China Southern Airlines Co. 1055, -3.90% slipped 4%, Cathay Pacific Airways Ltd. 293, -2.96% fell 3%, Korean Air Lines Co. 003490, -0.74% was down 0.5% and Singapore Airlines Ltd. C6L, -2.18% declined 1.8%. Samsung C&T Corp. 028260, -2.25%, which operates South Korea’s largest theme park, Everland, was off 2%, while Singapore-listed airline servicing company SATS Ltd. S58, -1.26% fell1.3%. Luggage maker Samsonite International S.A. 1910, -3.35% fell 3.0%.

Hong Kong-listed casino shares were also down on concerns surrounding the virus, as well as news that an arrest warrant has been issued for the head of Macau’s largest junket group for cross-border gambling activities. Sands China Ltd. 1928, -6.29% was down 6%, Wynn Macau Ltd. 1128, -8.72% declined 9% and Galaxy Entertainment Group Ltd. 27, -7.80% slid 8%.

Global markets tumbled Friday after the World Health Organization called the newly identified Omicron a “variant of concern.”

Many market analysts have characterized the fall in Asian equities as a knee-jerk reaction to the uncertainty, given that little is known about the infectiousness of the new variant. Vaccine partners BioNTech SE BNTX, +14.19% and Pfizer Inc. PFE, +6.11% have said it will take at least two weeks to assess the efficacy of its vaccines against the new strain.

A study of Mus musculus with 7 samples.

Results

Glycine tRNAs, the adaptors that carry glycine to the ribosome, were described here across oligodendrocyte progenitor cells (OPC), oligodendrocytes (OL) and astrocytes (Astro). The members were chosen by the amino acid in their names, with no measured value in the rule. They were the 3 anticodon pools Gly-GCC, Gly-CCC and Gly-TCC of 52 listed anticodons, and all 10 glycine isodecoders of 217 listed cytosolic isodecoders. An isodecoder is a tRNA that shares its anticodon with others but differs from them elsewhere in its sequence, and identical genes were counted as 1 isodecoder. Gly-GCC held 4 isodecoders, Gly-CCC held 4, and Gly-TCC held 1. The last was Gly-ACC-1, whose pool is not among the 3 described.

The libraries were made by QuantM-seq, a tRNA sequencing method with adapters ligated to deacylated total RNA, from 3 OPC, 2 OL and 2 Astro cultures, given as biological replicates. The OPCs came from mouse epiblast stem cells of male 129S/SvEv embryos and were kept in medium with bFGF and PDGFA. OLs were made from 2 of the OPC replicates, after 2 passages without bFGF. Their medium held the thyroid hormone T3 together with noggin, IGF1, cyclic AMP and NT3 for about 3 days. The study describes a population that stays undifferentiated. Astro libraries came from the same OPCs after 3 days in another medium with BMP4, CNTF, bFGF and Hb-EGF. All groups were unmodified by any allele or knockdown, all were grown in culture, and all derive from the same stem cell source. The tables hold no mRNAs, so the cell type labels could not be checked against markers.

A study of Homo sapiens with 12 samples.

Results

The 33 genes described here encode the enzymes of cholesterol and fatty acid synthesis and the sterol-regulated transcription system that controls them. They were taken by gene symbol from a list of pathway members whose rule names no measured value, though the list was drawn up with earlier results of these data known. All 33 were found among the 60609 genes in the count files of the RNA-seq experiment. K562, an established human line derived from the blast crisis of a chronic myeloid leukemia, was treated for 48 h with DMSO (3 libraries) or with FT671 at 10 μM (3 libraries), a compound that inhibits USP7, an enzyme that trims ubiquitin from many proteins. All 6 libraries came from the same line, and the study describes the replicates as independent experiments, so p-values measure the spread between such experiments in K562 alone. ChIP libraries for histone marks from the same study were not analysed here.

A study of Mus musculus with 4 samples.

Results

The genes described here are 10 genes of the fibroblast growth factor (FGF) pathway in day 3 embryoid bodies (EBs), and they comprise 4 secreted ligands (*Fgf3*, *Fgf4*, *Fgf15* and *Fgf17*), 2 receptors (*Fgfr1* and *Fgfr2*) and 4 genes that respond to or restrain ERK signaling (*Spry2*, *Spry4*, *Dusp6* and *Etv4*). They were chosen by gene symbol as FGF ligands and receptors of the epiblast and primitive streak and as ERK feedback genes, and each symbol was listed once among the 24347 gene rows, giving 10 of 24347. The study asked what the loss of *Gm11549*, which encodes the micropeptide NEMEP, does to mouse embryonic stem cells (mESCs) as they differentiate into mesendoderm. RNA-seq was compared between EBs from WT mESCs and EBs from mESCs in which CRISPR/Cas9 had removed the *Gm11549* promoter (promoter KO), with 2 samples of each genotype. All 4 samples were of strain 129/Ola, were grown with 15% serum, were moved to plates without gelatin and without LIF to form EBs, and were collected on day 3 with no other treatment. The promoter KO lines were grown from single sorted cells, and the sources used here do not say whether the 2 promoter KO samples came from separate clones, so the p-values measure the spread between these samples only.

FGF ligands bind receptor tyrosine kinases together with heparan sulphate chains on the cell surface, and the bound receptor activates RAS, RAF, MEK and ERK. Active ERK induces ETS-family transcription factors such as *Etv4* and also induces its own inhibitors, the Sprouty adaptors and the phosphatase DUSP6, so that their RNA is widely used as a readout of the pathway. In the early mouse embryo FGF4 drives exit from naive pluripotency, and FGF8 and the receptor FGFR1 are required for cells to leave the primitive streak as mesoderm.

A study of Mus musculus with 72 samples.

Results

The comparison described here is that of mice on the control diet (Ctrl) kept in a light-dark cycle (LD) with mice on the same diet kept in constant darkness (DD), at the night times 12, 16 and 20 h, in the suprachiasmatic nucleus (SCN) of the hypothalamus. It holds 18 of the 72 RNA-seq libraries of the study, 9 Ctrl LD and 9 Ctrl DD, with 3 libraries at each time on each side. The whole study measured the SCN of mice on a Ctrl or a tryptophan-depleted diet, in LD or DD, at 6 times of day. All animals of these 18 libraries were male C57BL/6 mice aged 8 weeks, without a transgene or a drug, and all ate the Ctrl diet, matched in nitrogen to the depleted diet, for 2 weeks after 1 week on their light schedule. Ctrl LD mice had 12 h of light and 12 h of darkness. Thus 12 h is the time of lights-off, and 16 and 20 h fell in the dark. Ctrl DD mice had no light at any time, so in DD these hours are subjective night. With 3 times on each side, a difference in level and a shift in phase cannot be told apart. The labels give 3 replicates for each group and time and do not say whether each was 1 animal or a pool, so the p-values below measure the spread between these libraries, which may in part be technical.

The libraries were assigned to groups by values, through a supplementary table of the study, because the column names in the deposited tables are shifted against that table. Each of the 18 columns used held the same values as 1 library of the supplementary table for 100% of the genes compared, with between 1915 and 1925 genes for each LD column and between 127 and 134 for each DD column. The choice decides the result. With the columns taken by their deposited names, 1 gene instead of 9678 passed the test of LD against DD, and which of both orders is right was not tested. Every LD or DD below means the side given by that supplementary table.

Morgan Stanley says the emergence of the new COVID variant could have different effects across Asia. China, Hong Kong and Taiwan “have maintained a COVID-zero strategy, which will limit the near-term economic impact but will delay any reopening efforts and rebound in consumption growth.” In countries that have attempted to open and live with the virus — including Japan, South Korea, Singapore and Australia — economies “are exposed to a risk of a setback in near-term growth,” it said.

The bank added that the effect on India and Southeast Asia could be greater, given that “these economies have tended to tighten restrictions when cases rise sharply.”

It added that the risk to regional economic growth is skewed toward the first quarter of 2022, given that the starting point of cases in the current quarter is relatively low.

Investment bank Goldman Sachs estimates that travel restrictions could deal a 2.0% hit to global economic growth in the fourth week of November–but added that the impact is marginal compared to the peak 20% hit recorded in mid-April 2020.